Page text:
The possibility of side effects or allergic reactions to seizure medications are a major concern for people with epilepsy. Researchers at the University of Pennsylvania led by Dr. David J. Margolis are conducting a study to understand if there is a genetic link between the use of seizure medications and the potential to develop severe skin reactions that can cause blisters, peeling of the skin, and open sores. Through this study, it is possible we could discover a way to predict who is more likely to have a severe skin reaction and thereby prevent it from happening in others.
If you have taken any seizure medications, regardless of whether you have had a rash, you may be eligible for our studies. Please fill out the form below and check the drugs you have taken, and a study coordinator will contact you shortly.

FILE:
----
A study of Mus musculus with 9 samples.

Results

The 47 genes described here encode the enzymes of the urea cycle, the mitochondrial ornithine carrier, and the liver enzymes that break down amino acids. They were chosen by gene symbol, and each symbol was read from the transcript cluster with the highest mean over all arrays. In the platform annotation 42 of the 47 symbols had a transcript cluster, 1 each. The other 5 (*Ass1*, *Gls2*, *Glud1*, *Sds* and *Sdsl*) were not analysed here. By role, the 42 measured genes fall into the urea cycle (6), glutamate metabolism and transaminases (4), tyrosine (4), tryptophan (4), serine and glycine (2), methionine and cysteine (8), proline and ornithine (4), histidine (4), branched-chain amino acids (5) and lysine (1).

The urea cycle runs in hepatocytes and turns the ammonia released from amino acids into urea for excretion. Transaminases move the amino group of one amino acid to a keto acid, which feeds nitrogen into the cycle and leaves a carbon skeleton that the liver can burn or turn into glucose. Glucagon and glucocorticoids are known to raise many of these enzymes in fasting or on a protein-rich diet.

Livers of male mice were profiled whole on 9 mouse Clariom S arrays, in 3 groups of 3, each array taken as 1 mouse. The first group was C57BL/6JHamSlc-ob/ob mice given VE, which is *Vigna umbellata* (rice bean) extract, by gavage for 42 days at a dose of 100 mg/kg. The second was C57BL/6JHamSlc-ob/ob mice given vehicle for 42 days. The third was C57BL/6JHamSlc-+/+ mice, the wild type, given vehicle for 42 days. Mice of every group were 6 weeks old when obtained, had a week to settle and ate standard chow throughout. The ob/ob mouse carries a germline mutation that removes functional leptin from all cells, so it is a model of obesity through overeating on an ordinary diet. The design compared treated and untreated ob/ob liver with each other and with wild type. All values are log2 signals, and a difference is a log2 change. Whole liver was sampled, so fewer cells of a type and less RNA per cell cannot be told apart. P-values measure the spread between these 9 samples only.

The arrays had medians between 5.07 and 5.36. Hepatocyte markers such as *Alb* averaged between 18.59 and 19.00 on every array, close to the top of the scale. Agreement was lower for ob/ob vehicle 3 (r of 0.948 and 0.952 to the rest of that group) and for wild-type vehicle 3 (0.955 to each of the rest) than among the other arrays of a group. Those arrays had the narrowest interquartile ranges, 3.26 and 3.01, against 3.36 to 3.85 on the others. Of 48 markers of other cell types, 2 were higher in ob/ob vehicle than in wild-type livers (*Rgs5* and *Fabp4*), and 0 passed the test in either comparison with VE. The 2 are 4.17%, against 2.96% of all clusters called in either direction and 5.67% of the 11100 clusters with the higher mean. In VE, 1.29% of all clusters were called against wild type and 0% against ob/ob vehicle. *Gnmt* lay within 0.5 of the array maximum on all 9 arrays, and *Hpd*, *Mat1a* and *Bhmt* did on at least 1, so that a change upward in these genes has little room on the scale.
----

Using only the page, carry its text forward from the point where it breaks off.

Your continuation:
We are looking for people who have taken seizure medications for at least 6 weeks (past or current) to participate in a study. A sample of saliva will be collected so researchers can look at your DNA (also called Deoxyribonucleic Acid, which contains the genetic instructions found in our bodies that determine how we may look, behave, and react to different things like medications). The saliva sample will not be associated with any of your personal information and is only used for this study.
Volunteers will also be asked about their family and medical history, including information on any skin conditions and reactions to medications. There is no experimental drug or device given in this study, and we expect the time you spend on the study to be less than 1 hour. Volunteers will be compensated $100.00 for completing the study tasks.